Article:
How One Designer Transformed a Burned-Out Okanagan Plot Into His Dream Abode
On land once ravaged by fire, Geoff Orr builds a new home that celebrates a rebirth—namely, of the salvaged materials used to construct it.
When designer Geoff Orr purchased this property in the hills above the city of Penticton more than 10 years ago, there wasn’t much to see. A forest fire had ravaged the area 15 years previous—one of the worst in B.C.’s history—and the land was just recovering. Orr was also going through big changes himself: he’d left Vancouver to move to the Okanagan and open a new firm, Farout Developments, with a friend from school. Transforming this burned-out plot of land into its own kind of phoenix would become his passion over the next decade.
Designer Geoff Orr named his home Fuego in reference to the fires that once swept over this land.
After a season of camping on the property in an old Airstream, Orr crafted a tiny toolshed-cum-cabin using dead trees harvested from the surrounding land. This temporary home was humble—no heat in the winters (“just a lot of blankets”)—but attractive, with floor-to-ceiling windows salvaged from another building, and a lofted sleeping area.
As time and money allowed, he began to envision, and build, the home that lives here now. “I wanted to test the limits of a lot of different materials,” says Orr. The first was a set of glulam beams recovered from a condemned SuperValu in downtown Penticton. The beams had been a part of a convex roof in that grocery store, but Orr flipped them for his own roofline, creating a dramatic, upturned curve.
The penny floor is in the front entry hall, and made from 12,650 pennies laid down one at a time.
It was the start of a design that would be constructed almost entirely from reclaimed materials. “By the time I went to put in the second floor,” says Orr, “I found some more beams. And people started to support it and help out.” Friends and neighbours alerted him to more materials that Orr could use, including fir posts and beams from the Penticton Golf Club, the Banff Arena and the Muriel Baxter school, buildings that were all demolished but now live on within Orr’s home.
Working with reclaimed fir had another advantage: because the wood has already spent decades in the elements, it’s stable—unlikely to twist or settle over time as newer materials do. Because of this, the glazing that runs floor to ceiling around the home could be set straight into the structure without intrusive frames, preserving open sightlines to the foothills surrounding the home.
Geoff Orr sits beside the rammed-earth fireplace that’s central to the main floor (friends Andrew and Christine Dimma hang out in the background).
The house is almost entirely open concept—even the second-floor master bedroom is lofted to the main space below. “It’s open concept to the outside as well,” says Orr. “Really, the house is composed of just beams and glass.”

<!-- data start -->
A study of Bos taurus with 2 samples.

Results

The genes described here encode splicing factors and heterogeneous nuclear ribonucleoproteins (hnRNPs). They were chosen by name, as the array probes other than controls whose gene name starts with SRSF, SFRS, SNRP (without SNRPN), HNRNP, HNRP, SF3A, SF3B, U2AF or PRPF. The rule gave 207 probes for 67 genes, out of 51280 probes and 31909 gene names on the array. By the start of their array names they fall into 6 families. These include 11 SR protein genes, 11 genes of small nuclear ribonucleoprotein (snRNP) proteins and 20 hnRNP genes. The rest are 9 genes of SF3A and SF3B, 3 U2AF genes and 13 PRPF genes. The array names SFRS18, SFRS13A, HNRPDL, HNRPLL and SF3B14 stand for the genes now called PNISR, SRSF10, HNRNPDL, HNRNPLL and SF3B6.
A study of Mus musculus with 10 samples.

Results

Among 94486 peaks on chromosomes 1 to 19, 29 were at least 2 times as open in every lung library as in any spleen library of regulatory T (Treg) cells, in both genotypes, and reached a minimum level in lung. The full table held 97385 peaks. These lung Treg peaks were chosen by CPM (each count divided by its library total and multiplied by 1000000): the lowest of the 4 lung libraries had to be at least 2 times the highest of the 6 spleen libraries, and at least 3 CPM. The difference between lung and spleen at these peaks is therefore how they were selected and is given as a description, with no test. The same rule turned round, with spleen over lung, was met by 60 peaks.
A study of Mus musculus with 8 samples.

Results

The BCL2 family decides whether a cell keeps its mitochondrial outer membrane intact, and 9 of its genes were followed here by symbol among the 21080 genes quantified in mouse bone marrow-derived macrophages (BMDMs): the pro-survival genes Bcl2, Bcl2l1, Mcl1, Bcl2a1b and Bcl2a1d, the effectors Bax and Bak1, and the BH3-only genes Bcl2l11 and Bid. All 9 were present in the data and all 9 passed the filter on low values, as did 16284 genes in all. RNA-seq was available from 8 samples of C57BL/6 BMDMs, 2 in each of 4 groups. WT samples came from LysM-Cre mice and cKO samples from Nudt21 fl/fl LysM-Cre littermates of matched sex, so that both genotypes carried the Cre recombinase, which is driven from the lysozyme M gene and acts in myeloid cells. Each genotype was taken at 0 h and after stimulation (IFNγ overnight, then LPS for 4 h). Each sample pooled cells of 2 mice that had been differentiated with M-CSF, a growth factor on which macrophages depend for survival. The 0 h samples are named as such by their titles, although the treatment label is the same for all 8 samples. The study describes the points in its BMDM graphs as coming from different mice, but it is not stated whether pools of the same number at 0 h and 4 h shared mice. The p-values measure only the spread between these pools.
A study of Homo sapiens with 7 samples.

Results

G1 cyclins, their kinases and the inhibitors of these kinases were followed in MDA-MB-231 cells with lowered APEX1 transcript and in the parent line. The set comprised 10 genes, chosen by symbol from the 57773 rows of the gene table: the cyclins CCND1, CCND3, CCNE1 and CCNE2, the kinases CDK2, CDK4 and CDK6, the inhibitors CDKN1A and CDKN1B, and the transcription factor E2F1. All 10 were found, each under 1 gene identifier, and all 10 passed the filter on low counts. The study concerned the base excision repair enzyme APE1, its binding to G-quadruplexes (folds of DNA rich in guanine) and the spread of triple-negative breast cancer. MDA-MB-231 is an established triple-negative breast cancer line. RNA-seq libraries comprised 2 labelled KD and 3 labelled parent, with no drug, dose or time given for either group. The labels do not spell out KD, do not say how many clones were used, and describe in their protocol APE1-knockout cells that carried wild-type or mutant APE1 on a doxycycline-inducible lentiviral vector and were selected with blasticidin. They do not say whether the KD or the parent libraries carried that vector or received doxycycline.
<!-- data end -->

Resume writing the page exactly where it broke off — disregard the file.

The living, kitchen and dining rooms all wrap around a large, rammed-earth, wood-burning fireplace that’s double-sided. The sunken living room is designed with built-in furniture: beams encircle the room, made cozy with cushions and pillows to create a favourite spot for both Geordie the cat and Coady the Vizsla.
The water feature beside the home naturally refills with rainwater and is stocked with koi (above). The couple designed a beach beside it as well, complete with handmade benches and patio lights (below).
Outside, Orr and his wife, Katharine, constructed what they refer to as “the beach”—an ideal gathering place for family and friends to hang out on nicer evenings, around a firepit. “We’re a little ways from the lake,” he says, “so we thought it would be nice to have a beach to hang out at.”
Hand-constructed wood benches wrap around a sandy firepit, and the water feature has become a natural pond: though they initially excavated to create it, the pond now fills and refreshes on its own with rainwater from the roof and runoff from the land. It’s also home to 100 koi, donated from locals who found they had a few too many, and waste from the fish is used to fertilize the surrounding gardens. (Katharine is a manager at the GardenWorks in town, so she’s the green thumb of the house.)
The couple designed these off-the-grid cabins for guests and for Airbnb rentals. The Shire (below) is built right into the rock; Rumspringa (above) is suspended off of a rammed-earth wall. Both are made from reclaimed materials.
Orr has since built three cabins on the property, which he rents out through Airbnb: the Rumspringa, Scouse and Shire cabins are under 10 square metres and are also constructed of reclaimed materials—including the glass and windows—and each features 270-degree views of the valley. There’s no heat or electricity, but the couple provide lanterns, and hot water bottles on cooler nights. “The intention is to unplug,” says Orr. “You’re communing with nature, so there’s no wifi either.”
Orr designed the garage to be built into the hillside (with motorcycle, below); on its second floor, he’s created a flex space (above)—a yoga studio, for now.
Given the charming names for the cabins, it’s no surprise that the main home has its own moniker, too: Fuego, the Spanish word for fire. An ode to the forest-fire origins of the home, the name also plays out in the interior design: the ceiling is stained in a charcoal black, and the same shade is reflected in many of the decor accents. “It’s a home that’s risen out of the ashes,” says Orr. “It’s really about transformation and change.”